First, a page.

Looking Both Ways

We can’t help but compare ourselves with others—their accomplishments, their looks, their virtues. Perhaps we just need to be true to our inner self. But when we look inside, we discover an unruly family of subpersonalities, with conflicting affiliations, fears, and yearnings.

No wonder we often feel inadequate to the task of establishing who we are and why we’re here. It’s as if we are auditing hundreds of classes at some college where the registrar keeps asking us what our “major” is. We likely produce some kind of answer (“family man”, “tax accountant”, “retired person looking for his missing piece”), but are we trying to register a flight path for a bird who doesn’t actually fly?

Yet when we do take flight, our problems with coordination disappear.

Some of us find ourselves pondering how it all fits together and whether the opportunities we discover looking outwards have any real affinity with the aspirations orbiting within us.

Inner and outward perspectives clearly influence one another—but both are showing signs of distress. Growing indifference to the well-being of others, incarcerations of convenience and prejudice, armed borders, and strategically contrived catastrophes leave behind a harvest of PTSD, homelessness and deep resentment in the minds and hearts of those who are dispossessed. And for those of us who, for the moment, are getting by, the stress of safeguarding our positions takes its own toll.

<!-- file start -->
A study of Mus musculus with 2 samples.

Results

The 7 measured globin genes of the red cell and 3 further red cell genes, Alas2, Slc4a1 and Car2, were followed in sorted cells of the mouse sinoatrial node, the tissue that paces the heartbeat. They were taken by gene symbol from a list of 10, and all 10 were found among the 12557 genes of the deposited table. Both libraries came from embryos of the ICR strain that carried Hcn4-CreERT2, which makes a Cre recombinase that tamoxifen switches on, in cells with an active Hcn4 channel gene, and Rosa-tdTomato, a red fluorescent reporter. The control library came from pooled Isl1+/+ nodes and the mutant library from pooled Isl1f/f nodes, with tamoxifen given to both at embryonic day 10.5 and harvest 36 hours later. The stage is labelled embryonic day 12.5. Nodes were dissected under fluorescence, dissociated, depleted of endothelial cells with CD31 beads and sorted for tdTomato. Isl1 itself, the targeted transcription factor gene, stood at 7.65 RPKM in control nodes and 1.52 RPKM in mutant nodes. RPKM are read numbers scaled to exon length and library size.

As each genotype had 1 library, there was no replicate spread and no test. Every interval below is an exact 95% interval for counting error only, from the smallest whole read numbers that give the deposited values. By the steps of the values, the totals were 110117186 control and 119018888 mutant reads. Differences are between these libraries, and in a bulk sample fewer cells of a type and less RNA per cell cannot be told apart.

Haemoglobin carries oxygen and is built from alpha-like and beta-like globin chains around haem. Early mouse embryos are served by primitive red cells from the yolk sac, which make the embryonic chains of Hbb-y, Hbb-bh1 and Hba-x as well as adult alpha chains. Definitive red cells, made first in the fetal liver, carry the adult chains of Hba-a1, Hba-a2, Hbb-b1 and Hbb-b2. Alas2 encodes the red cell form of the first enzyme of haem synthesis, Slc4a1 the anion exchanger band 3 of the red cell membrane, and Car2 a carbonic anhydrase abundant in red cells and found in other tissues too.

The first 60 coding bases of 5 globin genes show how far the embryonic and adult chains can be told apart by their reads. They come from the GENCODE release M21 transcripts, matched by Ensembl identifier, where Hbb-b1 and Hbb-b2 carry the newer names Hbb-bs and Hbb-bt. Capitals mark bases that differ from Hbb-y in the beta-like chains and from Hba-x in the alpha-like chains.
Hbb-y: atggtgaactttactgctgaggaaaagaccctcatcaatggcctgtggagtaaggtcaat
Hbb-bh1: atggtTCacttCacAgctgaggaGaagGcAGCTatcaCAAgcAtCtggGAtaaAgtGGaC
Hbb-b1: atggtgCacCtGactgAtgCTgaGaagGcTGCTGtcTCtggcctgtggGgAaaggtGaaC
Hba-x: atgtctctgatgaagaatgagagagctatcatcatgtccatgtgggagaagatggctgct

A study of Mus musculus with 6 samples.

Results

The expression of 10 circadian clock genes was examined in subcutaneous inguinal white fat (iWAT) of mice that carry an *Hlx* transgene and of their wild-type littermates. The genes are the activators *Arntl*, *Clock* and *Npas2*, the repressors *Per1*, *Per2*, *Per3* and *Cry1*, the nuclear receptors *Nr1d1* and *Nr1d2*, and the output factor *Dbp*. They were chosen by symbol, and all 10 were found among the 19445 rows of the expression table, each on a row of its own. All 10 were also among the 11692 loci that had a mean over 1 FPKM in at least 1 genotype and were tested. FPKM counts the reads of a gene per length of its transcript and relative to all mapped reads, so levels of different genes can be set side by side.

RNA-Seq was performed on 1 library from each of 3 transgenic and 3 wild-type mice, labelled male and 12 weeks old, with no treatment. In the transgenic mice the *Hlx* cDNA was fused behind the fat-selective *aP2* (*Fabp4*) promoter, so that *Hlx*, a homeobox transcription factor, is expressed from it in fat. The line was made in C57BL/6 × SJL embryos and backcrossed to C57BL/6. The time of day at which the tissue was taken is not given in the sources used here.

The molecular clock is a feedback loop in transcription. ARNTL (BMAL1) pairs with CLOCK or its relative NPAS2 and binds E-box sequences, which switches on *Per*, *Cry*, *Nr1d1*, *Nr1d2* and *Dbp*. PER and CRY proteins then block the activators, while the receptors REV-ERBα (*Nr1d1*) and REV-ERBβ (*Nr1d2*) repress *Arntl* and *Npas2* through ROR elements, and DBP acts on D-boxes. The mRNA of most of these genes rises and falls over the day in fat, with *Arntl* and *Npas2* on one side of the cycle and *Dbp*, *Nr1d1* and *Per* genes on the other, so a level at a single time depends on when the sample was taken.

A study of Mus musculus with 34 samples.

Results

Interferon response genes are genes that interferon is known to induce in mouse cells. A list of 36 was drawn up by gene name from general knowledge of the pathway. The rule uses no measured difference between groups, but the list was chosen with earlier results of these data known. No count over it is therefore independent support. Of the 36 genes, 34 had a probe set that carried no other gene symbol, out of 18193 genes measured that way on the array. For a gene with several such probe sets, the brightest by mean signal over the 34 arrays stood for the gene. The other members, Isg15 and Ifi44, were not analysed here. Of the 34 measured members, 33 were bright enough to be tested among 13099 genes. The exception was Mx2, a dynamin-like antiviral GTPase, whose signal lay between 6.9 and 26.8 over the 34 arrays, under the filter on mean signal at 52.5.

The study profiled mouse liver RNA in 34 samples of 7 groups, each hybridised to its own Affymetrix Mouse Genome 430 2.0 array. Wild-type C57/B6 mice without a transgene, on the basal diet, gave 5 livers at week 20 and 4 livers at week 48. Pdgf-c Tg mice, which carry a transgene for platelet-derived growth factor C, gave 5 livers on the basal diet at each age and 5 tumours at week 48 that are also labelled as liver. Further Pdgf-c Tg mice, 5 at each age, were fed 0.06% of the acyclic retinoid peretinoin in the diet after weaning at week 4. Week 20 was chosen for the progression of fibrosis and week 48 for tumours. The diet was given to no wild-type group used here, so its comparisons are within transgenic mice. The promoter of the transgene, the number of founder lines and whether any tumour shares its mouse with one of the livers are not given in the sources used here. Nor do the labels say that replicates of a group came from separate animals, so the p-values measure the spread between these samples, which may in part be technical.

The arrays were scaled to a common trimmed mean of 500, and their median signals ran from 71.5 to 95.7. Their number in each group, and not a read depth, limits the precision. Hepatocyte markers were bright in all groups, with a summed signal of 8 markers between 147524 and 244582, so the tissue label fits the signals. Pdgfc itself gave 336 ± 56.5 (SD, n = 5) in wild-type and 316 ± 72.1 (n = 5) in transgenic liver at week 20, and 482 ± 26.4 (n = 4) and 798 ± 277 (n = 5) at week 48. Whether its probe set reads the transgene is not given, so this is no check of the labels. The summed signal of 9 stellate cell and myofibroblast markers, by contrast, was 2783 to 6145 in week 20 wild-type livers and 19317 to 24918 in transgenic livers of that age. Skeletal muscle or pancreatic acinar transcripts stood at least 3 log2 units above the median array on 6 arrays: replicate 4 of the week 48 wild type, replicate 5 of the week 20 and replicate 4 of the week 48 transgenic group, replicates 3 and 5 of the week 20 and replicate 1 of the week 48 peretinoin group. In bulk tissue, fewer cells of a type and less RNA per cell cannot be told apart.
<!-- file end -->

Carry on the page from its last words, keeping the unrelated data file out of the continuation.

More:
We may well question the cost of struggling to preserve our own corner of space. Gated communities, fortified national borders, cards of identity all seem to say more about what we fear than what we love.

In the middle ground between our inner and outer worlds, we often find ourselves desiring some things, rejecting others, and maintaining a dull indifference to the rest. But how else can we survive if we don’t choose between what has value for us and what does not?

So it may seem strange, even irrelevant, that Buddhism warns us of the “three poisons” (desire, animosity, and ignorance) and discourages us from vigilantly winnowing what we like from what we dislike. But surely, we may counter, isn’t that just intelligent self-interest helping us survive?

Might it actually be the case that our uncompromising preferences are contributing to the breakdown of communication among nations, classes, and races, and provide fuel for wars waged to preserve the status quo?

Even if we suspect a connection between our own behavior and the conflict and greed that hold sway globally, the task of eradicating ingrained habits of desire and aversion is daunting. Perhaps it is more promising to examine the lack of understanding that created them in the first place.

In any case, aren’t there simply too many of us on the planet now, with not enough to go around? And isn’t the aspiration to live in peace, to share what we have with others, and to care for a founding environment that supports and nurtures us, just an ideal that can never be realized, because our species is genetically coded to compete, dominate, and horde?

Has anyone out there found the key? Of, perhaps I should ask—since our only hope may be as a family living in a shared world—“”Has anyone in here found the key?”

I realize that this post is in the vein of others I have written before, but perhaps, in the flying moment—just as today’s blossoms give voice to the rain, dirt, and sunlight that have brought them into being–we are free to ponder how amazing it is that the vast cosmos is, even now, knowing itself through us.